I am not ashamed to admit this, but when I was 18 or 19 years old, I was hand-picked by an African king to help him solve some financial problems he was having. I wasn’t sure how exactly he got my email address or why he thought I was capable of helping him, but for a brief moment I actually believed the email.
Fast forward to present day and everyone has received an email very similar to that and the scary part it that if this scam wasn’t working then the emails would probably cease to exist. Scams have been going on for as long as we know and in the digital age where almost everything is done online, it is becoming increasingly easier for scammers to ‘pickpocket’ people’s information on the internet.
The really unfortunate part is that the most common time for the scams to pop up are in the wake of a tragedy. After the Boston Marathon bombing, there were links and websites that supposedly had never-before-seen footage of the bombing or even worse, they were fake donation pages. The websites that were promising footage would download a virus on to your computer and once you clicked on the link, the fake charity would take your money. It’s so easy to build a good looking website now, so once these events are broadcast, you will notice social media accounts and websites showing “footage” and asking for donations. The safest way to know you are donating money to a real charity is to wait a day or two and listen for information from news stations about charities that are helping.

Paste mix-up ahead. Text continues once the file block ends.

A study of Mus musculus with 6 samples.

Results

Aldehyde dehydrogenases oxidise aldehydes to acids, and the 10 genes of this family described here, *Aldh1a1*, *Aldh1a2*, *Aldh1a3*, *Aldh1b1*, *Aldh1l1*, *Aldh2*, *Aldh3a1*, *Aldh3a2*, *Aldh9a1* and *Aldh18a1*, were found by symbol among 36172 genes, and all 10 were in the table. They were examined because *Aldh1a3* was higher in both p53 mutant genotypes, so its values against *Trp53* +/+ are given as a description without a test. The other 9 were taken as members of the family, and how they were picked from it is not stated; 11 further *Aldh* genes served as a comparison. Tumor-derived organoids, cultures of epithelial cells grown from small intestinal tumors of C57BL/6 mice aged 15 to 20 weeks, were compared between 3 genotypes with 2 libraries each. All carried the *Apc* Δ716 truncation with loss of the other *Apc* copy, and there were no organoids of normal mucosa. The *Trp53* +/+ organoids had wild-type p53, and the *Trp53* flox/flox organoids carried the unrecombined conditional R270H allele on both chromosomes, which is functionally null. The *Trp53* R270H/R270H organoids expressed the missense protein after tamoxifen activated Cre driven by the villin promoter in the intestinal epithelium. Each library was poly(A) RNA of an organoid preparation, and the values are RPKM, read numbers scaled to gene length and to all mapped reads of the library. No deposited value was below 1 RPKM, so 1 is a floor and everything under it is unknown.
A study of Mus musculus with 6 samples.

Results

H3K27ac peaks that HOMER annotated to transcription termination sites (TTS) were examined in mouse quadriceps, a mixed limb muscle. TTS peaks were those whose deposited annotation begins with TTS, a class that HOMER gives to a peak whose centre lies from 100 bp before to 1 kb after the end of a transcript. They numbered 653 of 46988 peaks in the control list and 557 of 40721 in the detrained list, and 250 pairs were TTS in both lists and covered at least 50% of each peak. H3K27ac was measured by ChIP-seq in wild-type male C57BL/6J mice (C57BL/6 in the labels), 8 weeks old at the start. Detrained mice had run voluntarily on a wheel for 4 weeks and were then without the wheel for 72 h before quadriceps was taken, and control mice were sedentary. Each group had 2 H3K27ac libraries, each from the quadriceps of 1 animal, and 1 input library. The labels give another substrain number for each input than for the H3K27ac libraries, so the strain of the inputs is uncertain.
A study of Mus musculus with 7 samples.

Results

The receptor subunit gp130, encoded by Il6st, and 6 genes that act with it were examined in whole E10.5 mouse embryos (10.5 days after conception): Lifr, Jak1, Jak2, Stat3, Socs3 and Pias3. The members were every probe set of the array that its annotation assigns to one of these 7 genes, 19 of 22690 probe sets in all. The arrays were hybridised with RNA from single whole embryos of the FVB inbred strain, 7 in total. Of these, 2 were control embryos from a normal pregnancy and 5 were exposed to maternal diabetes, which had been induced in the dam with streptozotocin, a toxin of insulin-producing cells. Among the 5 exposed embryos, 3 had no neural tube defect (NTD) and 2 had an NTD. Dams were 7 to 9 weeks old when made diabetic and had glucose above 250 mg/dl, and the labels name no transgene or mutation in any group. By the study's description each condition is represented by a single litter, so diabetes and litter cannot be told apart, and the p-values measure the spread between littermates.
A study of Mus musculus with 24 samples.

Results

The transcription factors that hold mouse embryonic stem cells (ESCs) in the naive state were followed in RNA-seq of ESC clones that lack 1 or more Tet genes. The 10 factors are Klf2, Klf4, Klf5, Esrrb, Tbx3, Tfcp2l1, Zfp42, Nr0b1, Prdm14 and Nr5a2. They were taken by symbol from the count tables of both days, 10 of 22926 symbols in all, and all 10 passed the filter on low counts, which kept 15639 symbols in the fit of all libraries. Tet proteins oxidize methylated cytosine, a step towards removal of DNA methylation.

Once in a while, you will receive a message or post from a friend or follower that usually says, “You gotta check out this video!” Beware of these messages; you should have a gut feeling that the sender’s account was probably hacked. Think about the friend who posted the message and if they would actually post something like this. The safest thing to do when you are unsure is just delete the post or message. The worst thing that can happen if you delete it is you miss out on a funny video, which seems a lot better than having your personal information stolen!
My rule of thumb when I am unsure about a message is “if it walks like a duck and quacks like a duck, then it’s a duck!” Next week I will be diving deeper into online scams, showing you some similarities in some of them. Have you been a victim of a scam? Tell me your story @Cbyron11.